Sept. 7, 2008 — Greater reliability and efficiency were the goals Sunday morning as the V.I. Water and Power Authority flipped the switch to start the newly refurbished St. Thomas heat-recovery boiler, which is projected to save the authority $18 million a year.
The boiler, which uses the steam generated by waste heat from the gas-turbine generators to run other generators without any additional fuel use, has been out of commission since June.
WAPA reprogrammed bond proceeds to get the recovery unit up and running six months earlier than planned, thus saving $9 million in fuel costs, said Hugo Hodge, the authority's executive director.
The savings will help, he said, with making up for the $40 million in under recovery of the levelized energy-adjustment clause (LEAC) the authority has been juggling for months. It will also bring the authority to 100-percent capacity on water production, eliminating by the end of the week the water-rationing program that's been going on for months.
Greg Rhymer, WAPA chief operating officer, said he hopes to have all the units running properly over the next few months. He expects routine maintenance soon to replace the emergency-management mode the authority has been in for awhile.
Hodge was optimistic about WAPA's ongoing increase in reliability with the heat-recovery boiler back on line and its receipt — also on Sunday — of the rotor needed to repair Unit 12.
He was less optimistic about the public's understanding of how the LEAC works.
The LEAC surcharge has driven fuel bills sky high, forcing businesses to close and residents to suffer dramatic increases in their monthly charges.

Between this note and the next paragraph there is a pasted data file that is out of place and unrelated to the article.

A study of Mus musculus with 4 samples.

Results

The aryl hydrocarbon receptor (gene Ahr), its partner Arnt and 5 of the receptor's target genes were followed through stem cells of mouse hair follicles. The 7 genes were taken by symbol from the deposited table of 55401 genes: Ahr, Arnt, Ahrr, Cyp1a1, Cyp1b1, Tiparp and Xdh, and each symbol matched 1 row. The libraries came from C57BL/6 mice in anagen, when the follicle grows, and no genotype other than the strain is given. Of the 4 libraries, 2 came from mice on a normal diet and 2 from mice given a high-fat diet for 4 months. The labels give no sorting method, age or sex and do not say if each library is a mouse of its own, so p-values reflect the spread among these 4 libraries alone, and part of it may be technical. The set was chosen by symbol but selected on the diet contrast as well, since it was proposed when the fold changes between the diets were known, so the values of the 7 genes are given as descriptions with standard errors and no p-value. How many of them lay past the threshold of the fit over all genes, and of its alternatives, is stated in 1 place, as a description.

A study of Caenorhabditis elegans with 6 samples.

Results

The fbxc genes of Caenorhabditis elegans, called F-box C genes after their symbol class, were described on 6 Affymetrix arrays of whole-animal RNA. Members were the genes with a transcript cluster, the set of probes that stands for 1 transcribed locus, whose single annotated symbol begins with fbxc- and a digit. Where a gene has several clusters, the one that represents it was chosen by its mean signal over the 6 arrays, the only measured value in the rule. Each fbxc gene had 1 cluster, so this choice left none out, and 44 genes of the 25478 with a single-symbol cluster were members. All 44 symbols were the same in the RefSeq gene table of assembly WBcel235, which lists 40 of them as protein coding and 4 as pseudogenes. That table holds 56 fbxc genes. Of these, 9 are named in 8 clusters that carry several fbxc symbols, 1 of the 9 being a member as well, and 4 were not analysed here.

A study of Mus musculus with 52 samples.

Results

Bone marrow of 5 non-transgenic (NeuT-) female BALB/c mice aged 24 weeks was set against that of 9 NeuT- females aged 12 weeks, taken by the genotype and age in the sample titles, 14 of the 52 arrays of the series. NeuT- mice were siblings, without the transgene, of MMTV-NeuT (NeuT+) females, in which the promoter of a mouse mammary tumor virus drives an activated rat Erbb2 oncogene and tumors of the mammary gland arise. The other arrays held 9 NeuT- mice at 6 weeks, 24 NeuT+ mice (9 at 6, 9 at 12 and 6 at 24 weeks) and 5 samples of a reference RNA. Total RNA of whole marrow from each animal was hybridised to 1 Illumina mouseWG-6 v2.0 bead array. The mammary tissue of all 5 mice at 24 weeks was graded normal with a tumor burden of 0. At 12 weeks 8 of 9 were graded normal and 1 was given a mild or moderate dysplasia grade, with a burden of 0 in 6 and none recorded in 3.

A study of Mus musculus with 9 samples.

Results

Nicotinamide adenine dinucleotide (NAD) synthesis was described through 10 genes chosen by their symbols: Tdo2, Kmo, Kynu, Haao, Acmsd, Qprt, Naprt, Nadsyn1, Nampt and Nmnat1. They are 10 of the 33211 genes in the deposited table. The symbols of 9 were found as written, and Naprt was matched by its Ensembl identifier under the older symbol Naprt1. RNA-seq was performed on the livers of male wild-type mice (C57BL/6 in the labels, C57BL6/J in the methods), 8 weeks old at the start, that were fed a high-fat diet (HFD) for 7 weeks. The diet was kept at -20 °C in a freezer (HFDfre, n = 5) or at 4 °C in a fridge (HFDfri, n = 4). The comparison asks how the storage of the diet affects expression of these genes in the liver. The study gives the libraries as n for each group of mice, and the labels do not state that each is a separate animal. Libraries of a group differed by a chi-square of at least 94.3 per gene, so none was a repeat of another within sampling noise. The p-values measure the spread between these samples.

The money collected under the LEAC goes directly to fuel costs, Hodge said Sunday for the umpteenth time.
"We have more conspiracy theorists here than anywhere else in the world," said Hodge, a native son who returned from the mainland less than a year ago to take the helm of the authority.
But he thinks at least the Public Services Commission, the authority's regulatory body, now gets it.
"They finally got it, I think, after they saw the letter from Hovensa," he said Sunday.
The refinery on St. Croix that provides fuel for WAPA recently tightened the financial reins on the authority, forcing it to pay in full two days in advance of all deliveries and charging the cash-strapped power company to pay prime interest rates on overdue balances.
Hodge presented Hovensa's letter, which came to WAPA shortly after the contract between the two companies expired, to PSC commissioners at a meeting Aug. 22, after which they relented to the authority's request for an increase in the LEAC.
But even with the increase, one third of the LEAC still goes to cover the under recovery from the PSC's failure to allow past LEAC increases.
Despite the almost constant criticism of the authority on talk-radio shows, in letters to the editor and elsewhere, and the need for WAPA staff to work almost around the clock some weeks, employee morale is good, Rhymer said.
"They feel the public pressure and the misunderstanding" and it motivates them to work even harder, Rhymer said, adding that he came to work at 7:45 a.m. Friday and didn't leave until Saturday afternoon.
Along with not understanding that the LEAC has no effect on the authority's bottom line, the general public also doesn't understand that the authority is fully high tech, Hodge believes.
In terms of increased efficiency, Hodge said,WAPA has software that simulates all the authority's systems and then analyzes how to make the processes most efficient.
In the control room, Robert Laware, first-class operator, watches a computer screen that shows how the recovery boiler is functioning. He can control the operation from his desk.
Hodge gets messages about plant operations on his cell phone.
Increased efficiency and reliability will not, however, have any immediate affect on consumers' bills. But, according to Hodge, it will in the long run, since it will reduce fuel costs to the authority.